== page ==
The G7 Summit is happening in Hiroshima, Japan, right now and some automakers have taken the opportunity to announce new projects. Toyota, their wholly owned subsidiary Daihatsu, and Suzuki (of which Toyota owns about 5%) made news with a trio of electric micro-vans built to kei car specifications.
The battery-electric vans are part of an industry-wide push toward carbon neutrality. Kei-class vehicles, in addition to limited displacement gasoline engines, have strict dimensional restrictions that allow them to navigate the often narrow streets in dense urban areas. They're also privilege to certain tax breaks and parking benefits.
The engine size rules obviously don't apply to the electric vans, but they will still conform to the size boundaries. Kei vans are often used to solve the "last mile" problem in logistics since they're able to whiz around crowded streets inaccessible by larger commercial vehicles.
Daihatsu, which specializes in kei cars, will build the vans and name their variant the HiJet Cargo. The HiJet name has been a consistent one in the company's lineup since 1960, but these new versions will be front-wheel-drive in contrast to the rear-wheel-drive gasoline variants. Toyota's version will be called the Pixis Van, while Suzuki will be named the Every, a nameplate that's been around since 1982. Aside from the badges the vans appear identical. Range is said to be approximately 200km (124 miles) on a single charge.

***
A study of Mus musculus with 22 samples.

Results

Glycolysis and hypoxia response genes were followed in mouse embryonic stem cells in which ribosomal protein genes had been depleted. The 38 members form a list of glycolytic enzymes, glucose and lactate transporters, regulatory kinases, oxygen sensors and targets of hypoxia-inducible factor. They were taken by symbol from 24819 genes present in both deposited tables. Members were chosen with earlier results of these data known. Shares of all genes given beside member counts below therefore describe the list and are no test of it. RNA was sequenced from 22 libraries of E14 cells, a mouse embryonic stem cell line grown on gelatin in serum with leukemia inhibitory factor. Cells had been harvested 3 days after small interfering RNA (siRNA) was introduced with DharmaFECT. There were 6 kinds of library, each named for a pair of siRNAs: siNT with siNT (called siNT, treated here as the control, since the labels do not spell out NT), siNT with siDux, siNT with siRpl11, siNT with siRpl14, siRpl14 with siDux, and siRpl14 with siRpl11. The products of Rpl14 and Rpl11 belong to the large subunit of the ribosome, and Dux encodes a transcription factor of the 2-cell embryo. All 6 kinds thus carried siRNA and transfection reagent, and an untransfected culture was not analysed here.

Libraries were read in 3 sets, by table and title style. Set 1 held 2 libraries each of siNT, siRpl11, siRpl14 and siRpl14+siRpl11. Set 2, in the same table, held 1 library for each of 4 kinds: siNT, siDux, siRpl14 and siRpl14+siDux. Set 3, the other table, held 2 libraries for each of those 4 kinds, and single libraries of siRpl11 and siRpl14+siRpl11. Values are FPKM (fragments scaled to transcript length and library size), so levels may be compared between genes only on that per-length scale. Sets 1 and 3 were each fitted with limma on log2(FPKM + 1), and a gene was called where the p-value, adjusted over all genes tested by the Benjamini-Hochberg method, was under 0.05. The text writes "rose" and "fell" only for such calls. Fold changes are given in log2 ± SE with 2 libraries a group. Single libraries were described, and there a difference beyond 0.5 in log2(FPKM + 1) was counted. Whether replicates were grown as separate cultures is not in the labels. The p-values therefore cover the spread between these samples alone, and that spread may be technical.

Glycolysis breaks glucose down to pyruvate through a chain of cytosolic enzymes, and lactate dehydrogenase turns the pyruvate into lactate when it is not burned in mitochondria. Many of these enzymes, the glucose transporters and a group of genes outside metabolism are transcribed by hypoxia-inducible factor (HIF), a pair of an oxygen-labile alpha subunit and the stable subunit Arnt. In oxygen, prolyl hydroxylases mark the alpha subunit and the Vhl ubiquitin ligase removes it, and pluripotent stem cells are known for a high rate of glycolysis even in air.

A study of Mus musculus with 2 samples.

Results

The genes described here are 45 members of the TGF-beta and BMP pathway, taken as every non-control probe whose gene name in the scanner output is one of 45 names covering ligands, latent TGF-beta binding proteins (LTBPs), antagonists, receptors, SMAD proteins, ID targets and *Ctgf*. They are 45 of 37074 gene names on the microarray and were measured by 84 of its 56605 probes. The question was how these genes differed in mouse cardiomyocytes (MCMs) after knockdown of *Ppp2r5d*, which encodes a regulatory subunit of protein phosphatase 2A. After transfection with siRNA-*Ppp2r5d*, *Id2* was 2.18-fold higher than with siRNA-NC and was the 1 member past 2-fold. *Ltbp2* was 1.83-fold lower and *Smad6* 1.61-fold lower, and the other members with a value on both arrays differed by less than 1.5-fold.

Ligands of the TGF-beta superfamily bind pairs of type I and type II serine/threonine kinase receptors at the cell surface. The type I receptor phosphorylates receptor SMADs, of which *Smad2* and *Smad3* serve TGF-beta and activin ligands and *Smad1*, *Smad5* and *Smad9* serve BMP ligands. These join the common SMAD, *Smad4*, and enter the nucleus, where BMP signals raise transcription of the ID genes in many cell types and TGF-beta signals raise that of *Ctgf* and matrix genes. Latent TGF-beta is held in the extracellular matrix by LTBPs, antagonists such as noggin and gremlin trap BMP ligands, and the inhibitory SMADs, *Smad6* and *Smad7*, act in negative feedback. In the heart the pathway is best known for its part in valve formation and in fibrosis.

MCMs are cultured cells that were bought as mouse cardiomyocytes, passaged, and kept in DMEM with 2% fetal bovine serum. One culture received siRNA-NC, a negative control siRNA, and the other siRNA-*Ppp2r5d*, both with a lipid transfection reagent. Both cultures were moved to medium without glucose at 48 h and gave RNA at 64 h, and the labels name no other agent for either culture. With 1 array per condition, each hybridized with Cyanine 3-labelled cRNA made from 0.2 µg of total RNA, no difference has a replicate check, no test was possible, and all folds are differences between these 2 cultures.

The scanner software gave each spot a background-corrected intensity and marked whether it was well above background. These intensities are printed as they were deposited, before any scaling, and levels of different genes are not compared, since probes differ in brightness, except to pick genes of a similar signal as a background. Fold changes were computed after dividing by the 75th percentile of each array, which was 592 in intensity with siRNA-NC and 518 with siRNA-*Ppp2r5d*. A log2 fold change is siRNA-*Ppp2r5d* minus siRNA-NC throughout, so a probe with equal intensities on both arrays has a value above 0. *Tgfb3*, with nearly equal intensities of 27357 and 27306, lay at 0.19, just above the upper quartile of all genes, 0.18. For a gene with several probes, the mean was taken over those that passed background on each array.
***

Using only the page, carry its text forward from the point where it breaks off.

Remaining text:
The exhibition was held in conjunction with the Japan Automobile Manufacturers Association, which former Toyota CEO Akio Toyoda heads. Toyoda stepped down from the top position at the company his grandfather founded in April, but still takes a overseer role as Chairman. Toyoda was criticized for being slow to adopt EVs, and new CEO Koji Sato has emphasized the role of battery-electrics moving forward while still taking a multi-front approach to carbon neutrality with hydrogen and hybrids. These vans were likely in development before Toyoda's retirement, though.